Album Review: Wicked Spell

Chad Sullins and the Last Call Coalition

Wicked Spell


In 2012 we reviewed Incommunicado, the sophomore full-length album from Chad Sullins and his flat out impressive band, The Last Call Coalition.  We found a lot to love about that record, along with a few head scratchers.  Rekindled an old love affair with intelligent rock and roll, and walked away wondering what the future would bring for Sullins and company.  With Incommunicado, the theme of the day seemed to be scattershooting while figuring out how to grow up.  Not a bad thing, mind you – we’ve all been there so it wasn’t a knock.  Just more of a question, really, about what this outfit would turn into.

Wicked Spell provides one hell of an answer.  Credit Sullins for that, and give a hat tip to Mike McClure both for producing and for a co-write on the title cut.  Both men’s influence is all over this record and that is a very, very good thing.

The road is a hard place for any musician, but hardest perhaps for one with a family because an awful lot can get lost in translation across the miles.  That’s on top of what just gets flat out missed, mind you.  Sometimes the weight of those two things can crush a relationship, and the cleanup work required while one attempts to navigate the detritus of what once was can break a spirit even more easily than it can break a back.  Powerful stuff, the affairs of the heart.

Also often fodder for the process of writing terrific songs, which means the songwriter is doomed to a life as perhaps the most conflicted soul among us – sentenced to the task of mining tragedy for a literate sense of the profound, starving for the joy in the latter which can only be reached through the gateways of pain and loss.  It takes a certain maturity and strength of character to survive all of that, much less to spin gold from the strands of wreckage.  With Wicked Spell, Sullins announces himself to the world as a man possessed of both.

The enervating power of love gone bad is clearly called out on the opening track, a driving, perhaps a bit frightening cacophony of guitars and driving rhythm decrying the heart that will “promise you heaven as you wind your way through hell.”  The arrangement and tempo changes here are every bit as important as the lyrics.  Perhaps even moreso, frankly.  It’s a roller coaster ride and it’s utterly relentless.

Which makes the transition to the album’s first single, “Couple 1000 Miles,” absolutely jarring.  And therefore all the more effective.  The swagger and bluster of the opener disappear in a swirl of acoustic guitar and weathered, threadbare vocals leveling a thousand yard stare at truckstop prophets and broken highways, honky tonk angels and a motel haze.


What’s a couple thousand miles and a few more days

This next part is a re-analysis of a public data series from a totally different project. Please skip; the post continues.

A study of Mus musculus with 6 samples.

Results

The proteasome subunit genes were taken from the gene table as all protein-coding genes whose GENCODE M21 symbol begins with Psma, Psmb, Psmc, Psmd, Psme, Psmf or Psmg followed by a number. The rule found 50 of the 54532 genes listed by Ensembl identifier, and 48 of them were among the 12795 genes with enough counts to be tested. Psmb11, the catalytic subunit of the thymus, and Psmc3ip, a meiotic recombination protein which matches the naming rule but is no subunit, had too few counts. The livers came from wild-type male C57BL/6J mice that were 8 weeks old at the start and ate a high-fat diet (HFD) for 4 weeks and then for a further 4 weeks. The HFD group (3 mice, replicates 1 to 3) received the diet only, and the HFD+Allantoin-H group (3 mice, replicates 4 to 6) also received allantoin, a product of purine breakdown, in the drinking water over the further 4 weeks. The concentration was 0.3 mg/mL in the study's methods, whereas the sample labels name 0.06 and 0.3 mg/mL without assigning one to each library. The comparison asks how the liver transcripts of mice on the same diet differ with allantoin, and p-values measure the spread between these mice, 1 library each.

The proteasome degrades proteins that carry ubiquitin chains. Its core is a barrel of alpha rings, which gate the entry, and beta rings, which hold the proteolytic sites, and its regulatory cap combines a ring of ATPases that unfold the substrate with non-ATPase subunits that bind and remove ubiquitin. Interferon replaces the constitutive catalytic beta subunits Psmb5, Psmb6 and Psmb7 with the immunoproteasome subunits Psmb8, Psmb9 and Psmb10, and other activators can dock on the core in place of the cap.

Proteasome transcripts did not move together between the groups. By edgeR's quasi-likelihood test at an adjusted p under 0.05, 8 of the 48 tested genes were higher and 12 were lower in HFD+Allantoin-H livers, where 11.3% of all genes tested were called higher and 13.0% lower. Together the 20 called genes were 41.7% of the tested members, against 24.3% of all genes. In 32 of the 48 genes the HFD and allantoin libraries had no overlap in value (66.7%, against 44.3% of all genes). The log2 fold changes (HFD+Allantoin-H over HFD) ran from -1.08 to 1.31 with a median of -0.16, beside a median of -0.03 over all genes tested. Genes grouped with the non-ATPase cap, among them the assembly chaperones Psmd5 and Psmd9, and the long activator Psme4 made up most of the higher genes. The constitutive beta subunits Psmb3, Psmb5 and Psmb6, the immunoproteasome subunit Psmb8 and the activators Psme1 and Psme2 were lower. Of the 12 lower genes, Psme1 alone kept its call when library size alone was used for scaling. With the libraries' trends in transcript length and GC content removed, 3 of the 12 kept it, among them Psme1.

I touched the good life and can’t change my ways

I’m sorry, mama, it’s not just a phase

What’s a couple thousand miles and a few more days


Burning through years and gasoline

And I wouldn’t change the world for the things I’ve seen

I’ve tasted love and I’ve pissed it away

What’s a couple thousand miles and a few more days…

As the crescendo of anger rises on the chorus then fades away back into a quiet resignation, we’re left with the mental vision of a desiccated minstrel ground down to nothing and walking the road simply because it’s there.  But it’s not just a quittin’ song.  It’s eminently listenable, and the message resonates at some point in every life.  There’s even a bit of inspiration in the desolation, because really, what’s a little more road at this point?  Let’s get to it, Sullins seems to implore.

There’s plenty more here, too.  From the distortion and power on “Might Leave In The Fall” to the haunted introspection and bareknuckle honesty of “Dollars For Dimes,” it’s a revelation at every turn.  Wicked Spell is, at its core, a man’s soul laid bare for the world to visit and mourn.  Doesn’t cut a whole lot of new rows in the field, but the field it plows is fertile nonetheless and rife with the loamy odor of the times we’ve all lived through – or perhaps are living right now.

You can find more info at  Tell you this:  Sullins is recuperating these days from a heart attack.  Word is that he’ll be okay and back at it full steam.  But there’s no denying that what he laid out on this album for is us unadulterated and real.  The tolls of the road are no joke, and neither is the life of the working artist who understands that music’s not a choice he made.  The choice made him before he was born, and this artist is coming fully into his own.  That’s very good news for any fan of real music made well and borne from the headwaters of a beating, timeless heart.

Dave Pilot lives in north Texas with his first good wife (don’t ask about the other one), seven horses, and five dogs.  When his wife’s not looking, he tries to figure out ways to feed the 987 or so cats to the coyotes out behind the fenceline.  When he’s not trying to raise his kids to turn out better than he did, he’s hitting historical sites on his way to honky-tonks from Denton to Port Aransas. Visit Dave Pilot on Facebook.